Some four years after the European Commission first proposed enacting a new data protection regime to replace the 1995 EU Data Protection Directive, the European Parliament and the Council of the European Union have announced a sweeping new data protection regulation.
The impact of the new General Data Protection Regulation (GDPR) cannot be overstated. It will affect not only companies established in the EU, but also any company in the world that processes personal data of EU residents, even if the company does not have an office there.
In our monthly Privacy & Cybersecurity Update at the end of this month, we will provide a detailed summary of the GDPR and what companies should start doing immediately. In this client alert, we set forth some of the key differences between the GDPR and the 1995 directive.
The GDPR will not go into effect until two years after it has been voted into law by the European Parliament. Many expect this to occur in January.
There has been intense lobbying regarding the GDPR by the business community and privacy advocates for the last four years. This is likely to continue between now and when the regulation is finally voted into law. However most do not expect any substantive changes to the 200-page draft.
Adoption by Member States
As opposed to the 1995 data directive, which needed to be enacted into law by each member state and left room for more stringent requirements on a country-by-country basis, the GDPR is a regulation and therefore will automatically apply to each member state. Regulatory bodies responsible for data privacy in each member state (Data Protection Authorities) will have only limited areas where they can impose their own regulations. A more uniform data protection framework will be a welcome development for many companies.
- As noted above, the GDPR applies to any company that is a processor or controller of data regarding EU residents even if that company is not located in the EU. It is not yet clear how this will impact, for example, online businesses that do not target EU residents but have EU residents visit their sites.
- Companies that suffer a data breach that creates significant risk for data subjects must provide notice within 72 hours of discovering the breach. This is the first time the EU will have a data breach notification law and it creates a far shorter notification period than exists in the U.S.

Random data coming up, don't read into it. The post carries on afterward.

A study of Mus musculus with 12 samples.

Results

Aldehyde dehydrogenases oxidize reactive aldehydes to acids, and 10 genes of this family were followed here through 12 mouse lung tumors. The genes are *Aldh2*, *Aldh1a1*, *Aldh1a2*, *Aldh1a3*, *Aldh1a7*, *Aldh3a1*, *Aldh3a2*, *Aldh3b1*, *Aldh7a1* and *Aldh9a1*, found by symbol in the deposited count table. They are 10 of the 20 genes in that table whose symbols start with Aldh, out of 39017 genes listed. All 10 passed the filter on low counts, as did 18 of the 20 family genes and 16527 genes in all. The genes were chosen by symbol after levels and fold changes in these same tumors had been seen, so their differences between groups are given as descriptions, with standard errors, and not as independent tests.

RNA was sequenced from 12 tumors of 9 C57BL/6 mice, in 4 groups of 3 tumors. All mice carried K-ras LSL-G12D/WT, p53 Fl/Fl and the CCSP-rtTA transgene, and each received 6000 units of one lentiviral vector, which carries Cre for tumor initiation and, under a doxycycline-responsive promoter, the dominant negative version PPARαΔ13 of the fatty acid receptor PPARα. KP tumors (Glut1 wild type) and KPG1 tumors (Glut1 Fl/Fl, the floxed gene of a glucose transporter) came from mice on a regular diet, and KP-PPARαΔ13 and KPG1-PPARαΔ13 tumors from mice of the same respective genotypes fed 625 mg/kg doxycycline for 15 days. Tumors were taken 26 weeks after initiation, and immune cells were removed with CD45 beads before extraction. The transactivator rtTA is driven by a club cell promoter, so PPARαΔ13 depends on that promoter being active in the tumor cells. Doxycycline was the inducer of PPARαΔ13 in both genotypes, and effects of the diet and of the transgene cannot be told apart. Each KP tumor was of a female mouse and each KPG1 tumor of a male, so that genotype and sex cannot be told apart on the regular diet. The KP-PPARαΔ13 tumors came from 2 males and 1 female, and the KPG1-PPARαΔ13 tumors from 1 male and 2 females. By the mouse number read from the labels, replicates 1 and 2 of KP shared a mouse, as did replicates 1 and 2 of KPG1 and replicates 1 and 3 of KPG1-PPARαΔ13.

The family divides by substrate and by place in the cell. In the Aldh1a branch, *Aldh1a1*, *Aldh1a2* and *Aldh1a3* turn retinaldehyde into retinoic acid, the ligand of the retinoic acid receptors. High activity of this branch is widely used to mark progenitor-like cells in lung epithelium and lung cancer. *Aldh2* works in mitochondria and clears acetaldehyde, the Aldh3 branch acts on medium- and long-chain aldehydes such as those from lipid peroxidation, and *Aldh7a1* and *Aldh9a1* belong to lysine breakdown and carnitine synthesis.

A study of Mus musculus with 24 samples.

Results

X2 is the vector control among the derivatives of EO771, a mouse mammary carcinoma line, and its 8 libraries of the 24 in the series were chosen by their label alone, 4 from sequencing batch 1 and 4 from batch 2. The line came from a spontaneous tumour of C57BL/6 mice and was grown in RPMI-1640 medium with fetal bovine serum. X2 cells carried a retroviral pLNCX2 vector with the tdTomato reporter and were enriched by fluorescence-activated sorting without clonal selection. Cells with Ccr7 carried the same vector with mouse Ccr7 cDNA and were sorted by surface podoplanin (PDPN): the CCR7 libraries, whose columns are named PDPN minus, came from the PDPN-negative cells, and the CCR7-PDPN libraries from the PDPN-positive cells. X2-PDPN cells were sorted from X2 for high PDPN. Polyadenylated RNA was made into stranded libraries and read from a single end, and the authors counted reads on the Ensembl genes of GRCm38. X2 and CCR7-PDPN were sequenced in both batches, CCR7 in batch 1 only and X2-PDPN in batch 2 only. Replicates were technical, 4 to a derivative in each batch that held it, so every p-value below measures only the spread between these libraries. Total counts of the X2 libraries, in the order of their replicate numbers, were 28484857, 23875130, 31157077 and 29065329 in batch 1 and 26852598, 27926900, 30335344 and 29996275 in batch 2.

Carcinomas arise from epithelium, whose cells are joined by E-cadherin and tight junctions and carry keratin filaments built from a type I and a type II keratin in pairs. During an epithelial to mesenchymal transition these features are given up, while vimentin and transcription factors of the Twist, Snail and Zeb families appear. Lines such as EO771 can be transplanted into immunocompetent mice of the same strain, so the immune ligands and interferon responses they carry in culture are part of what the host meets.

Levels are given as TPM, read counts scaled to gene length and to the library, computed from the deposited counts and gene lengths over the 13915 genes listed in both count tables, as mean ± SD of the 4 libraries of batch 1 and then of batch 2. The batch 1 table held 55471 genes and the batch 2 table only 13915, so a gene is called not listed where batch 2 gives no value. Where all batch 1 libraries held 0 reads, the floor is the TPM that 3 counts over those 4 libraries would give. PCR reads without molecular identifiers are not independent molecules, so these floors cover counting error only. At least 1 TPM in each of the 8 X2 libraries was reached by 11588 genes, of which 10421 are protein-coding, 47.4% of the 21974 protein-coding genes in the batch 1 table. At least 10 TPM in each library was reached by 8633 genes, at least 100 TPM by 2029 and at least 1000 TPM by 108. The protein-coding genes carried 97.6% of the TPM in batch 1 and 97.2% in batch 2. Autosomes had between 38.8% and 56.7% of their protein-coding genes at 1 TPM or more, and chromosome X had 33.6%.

- Data controllers and data processors will be jointly liable for data breaches.
- Data Protection Authorities in each member state have the authority to fine organizations that violate the law at an amount up to 4 percent of the organization’s annual revenue.
- If an organization is not performing a contract or complying with a legal obligation, it generally can only process data if it has the user’s unambiguous consent. Such consent can be retracted by the data subject at any time, and an organization cannot make its provision of a contracted service contingent on the data subject providing consent for another purpose.
- The GDPR introduces the concept of a “purpose limitation,” which prohibits data from being processed beyond its specified and explicit purpose.
- Parental approval is required for the consent of any child under 16, although member states can lower this to 13.
- The GDPR includes the so-called “right to be forgotten,” which allows EU residents to demand that search results revealing their personal information be removed in a variety of cases. It also includes a “right to erasure,” which allows EU residents to demand that their data be erased if it is no longer required.
- Companies will only have to deal with one data protection authority as opposed to the data protection authority in every member state in which they do business.
Many within the business community are concerned that the GDPR’s restrictions and the potential for extremely large fines will have a negative impact on business with the EU. Privacy advocates maintain that the GDPR did not go far enough. Regardless, there is no doubt that the GDPR is likely the most significant privacy development of the last 20 years.This memorandum is provided by Skadden, Arps, Slate, Meagher & Flom LLP and its affiliates for educational and informational purposes only and is not intended and should not be construed as legal advice. This memorandum is considered advertising under applicable state laws.